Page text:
It is often a worthy strategy for the lessee to be aggressive with counterclaims against the lessor. Or how about we’re the Wehrmacht and the other guy is Poland.

Lessees should think twice about that strategy if it means complaining about the lessor’s public statements. In Lona Hills Ranch v. Creative Oil & Gas Operating LLC et al, that strategy ran afoul of the Texas Citizens Participation Act, Texas’s “anti-SLAPP” statute (“Strategic Lawsuits Against Public Participation”).

The TCPA authorizes dismissal of a legal action based on, relating to, or in response to a party’s exercise of the right of free speech, right to petition, or right of association.

The lessor’s actions

Lona Hills Ranch, lessor of a Lee County lease, sued operator Creative Operating for trespass and trespass to try title, alleging that the lease had terminated. In connection with the dispute the Ranch took three actions:

  • Before suing, filed a complaint at the Railroad Commission challenging Operating’s good-faith claim to continue to operate the lease in disregard of a notice-and-cure provision in the lease. That claim was denied (No surprise there; the operator’s burden was lower than Joey Gallo’s homerun-to-strikeout ratio).
  • Communicated to purchasers of production that the lease had terminated, thereby shutting down oil purchases.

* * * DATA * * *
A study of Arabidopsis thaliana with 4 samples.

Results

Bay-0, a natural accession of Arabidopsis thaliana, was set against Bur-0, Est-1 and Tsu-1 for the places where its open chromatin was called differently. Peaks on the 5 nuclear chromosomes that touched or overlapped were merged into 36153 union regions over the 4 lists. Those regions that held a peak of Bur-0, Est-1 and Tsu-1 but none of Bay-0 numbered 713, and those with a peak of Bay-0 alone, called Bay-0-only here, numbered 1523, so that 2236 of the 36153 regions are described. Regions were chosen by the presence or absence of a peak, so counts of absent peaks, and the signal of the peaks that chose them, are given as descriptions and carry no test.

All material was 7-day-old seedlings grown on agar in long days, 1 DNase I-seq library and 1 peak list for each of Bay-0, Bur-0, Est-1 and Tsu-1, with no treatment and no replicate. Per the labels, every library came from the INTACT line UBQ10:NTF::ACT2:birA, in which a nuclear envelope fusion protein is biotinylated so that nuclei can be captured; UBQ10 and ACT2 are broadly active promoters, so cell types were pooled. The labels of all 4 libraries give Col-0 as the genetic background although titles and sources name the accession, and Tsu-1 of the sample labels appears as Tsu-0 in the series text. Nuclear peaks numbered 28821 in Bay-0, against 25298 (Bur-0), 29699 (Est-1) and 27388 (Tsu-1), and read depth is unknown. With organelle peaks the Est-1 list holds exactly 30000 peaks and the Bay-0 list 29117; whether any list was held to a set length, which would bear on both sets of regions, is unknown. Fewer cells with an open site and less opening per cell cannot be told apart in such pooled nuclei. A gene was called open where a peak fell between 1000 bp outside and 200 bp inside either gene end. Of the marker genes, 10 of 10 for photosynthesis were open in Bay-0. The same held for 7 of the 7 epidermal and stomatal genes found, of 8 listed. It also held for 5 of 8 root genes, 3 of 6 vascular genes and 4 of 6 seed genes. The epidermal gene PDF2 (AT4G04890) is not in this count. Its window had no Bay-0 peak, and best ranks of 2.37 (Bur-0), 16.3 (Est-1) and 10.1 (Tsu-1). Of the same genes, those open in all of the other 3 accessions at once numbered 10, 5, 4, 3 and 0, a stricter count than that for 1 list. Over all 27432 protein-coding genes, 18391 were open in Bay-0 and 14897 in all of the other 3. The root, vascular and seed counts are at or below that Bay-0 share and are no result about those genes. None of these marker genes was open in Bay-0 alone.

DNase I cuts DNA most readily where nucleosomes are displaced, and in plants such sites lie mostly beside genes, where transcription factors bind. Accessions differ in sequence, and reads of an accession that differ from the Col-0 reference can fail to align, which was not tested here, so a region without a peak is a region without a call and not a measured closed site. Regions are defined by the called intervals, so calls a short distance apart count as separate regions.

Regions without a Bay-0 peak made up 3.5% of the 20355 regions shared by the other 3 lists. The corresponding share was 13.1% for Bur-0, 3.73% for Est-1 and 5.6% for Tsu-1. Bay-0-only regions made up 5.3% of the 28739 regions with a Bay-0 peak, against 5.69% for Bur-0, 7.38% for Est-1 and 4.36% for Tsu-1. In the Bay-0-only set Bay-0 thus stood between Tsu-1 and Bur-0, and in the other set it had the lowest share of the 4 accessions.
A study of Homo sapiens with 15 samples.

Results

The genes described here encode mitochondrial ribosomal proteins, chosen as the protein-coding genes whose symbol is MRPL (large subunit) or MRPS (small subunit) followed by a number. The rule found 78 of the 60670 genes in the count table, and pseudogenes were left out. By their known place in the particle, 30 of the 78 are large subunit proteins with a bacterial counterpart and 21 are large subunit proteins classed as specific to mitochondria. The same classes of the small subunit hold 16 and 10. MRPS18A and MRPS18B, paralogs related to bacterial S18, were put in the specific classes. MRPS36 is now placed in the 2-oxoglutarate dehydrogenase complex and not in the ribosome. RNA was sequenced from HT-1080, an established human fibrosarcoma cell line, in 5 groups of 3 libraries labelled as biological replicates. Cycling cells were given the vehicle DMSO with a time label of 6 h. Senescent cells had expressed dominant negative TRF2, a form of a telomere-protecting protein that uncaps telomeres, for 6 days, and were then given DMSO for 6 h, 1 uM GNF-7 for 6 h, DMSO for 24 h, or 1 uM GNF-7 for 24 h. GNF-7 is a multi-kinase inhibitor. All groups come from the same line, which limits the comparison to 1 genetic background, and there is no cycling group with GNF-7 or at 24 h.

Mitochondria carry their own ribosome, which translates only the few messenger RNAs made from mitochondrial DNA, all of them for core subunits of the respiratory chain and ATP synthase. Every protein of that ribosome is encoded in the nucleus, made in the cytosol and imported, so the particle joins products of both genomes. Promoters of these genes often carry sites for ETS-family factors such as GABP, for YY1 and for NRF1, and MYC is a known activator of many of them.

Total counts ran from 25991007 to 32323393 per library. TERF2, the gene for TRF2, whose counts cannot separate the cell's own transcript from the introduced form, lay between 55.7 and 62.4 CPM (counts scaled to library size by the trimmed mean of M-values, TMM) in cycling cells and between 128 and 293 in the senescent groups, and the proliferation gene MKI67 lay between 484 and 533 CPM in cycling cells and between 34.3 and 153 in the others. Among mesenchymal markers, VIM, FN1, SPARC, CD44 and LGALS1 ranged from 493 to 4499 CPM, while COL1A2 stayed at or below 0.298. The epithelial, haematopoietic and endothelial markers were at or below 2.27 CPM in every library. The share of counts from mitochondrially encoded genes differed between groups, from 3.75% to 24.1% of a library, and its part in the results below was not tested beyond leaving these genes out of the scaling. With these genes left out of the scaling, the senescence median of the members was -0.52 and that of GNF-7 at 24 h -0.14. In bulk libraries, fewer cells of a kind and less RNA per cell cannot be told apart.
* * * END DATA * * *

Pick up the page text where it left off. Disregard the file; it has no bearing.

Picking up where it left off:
• Filed suit, also in disregard of a notice-and-cure provision.

Operating counterclaimed for breach of contract, asserting that the Ranch breached the lease by those three actions. Creative Leasing, the lessee, intervened making the same assertions.

The process

The Ranch sought to dismiss the counterclaims under the TCPA. The process has two stages. First, the Ranch had to prove that the counterclaims were predicated on the Ranch’s exercise of its right to free speech or right to petition the courts. If that was successful the burden shifted to Operating/Leasing to establish, by clear and specific evidence, a prima facie case for each essential element of their claims.

The Ranch proved that assertions that it communicated the alleged lease termination to third parties were predicated on the Ranch’s exercise of its right to free speech. That was clear from Operating/Leasing’s pleadings.

Operating was not a party to the lease so it couldn’t establish any breach of contract claim and its claims were dismissed.

After the burden shifted, Leasing offered no evidence that any provision in the lease prohibited the Ranch from communicating to third parties that the lease had terminated. That deprived Leasing of one essential element of its breach of contract claim and that counterclaim was dismissed.

That left the counterclaims that the Railroad Commission complaint and lawsuit violated the lease’s notice-and-cure provision. Those claims were not predicated on an injury from a TCPA-protected “expressive activity”. By agreeing to notice-and-cure the Ranch contractually restricted its normally unrestricted constitutional right to petition. That was a waiver of its TCPA remedies.

Now the parties can get back to whatever they were fighting about in the first place.

Free speech; shouldn’t it be for everybody?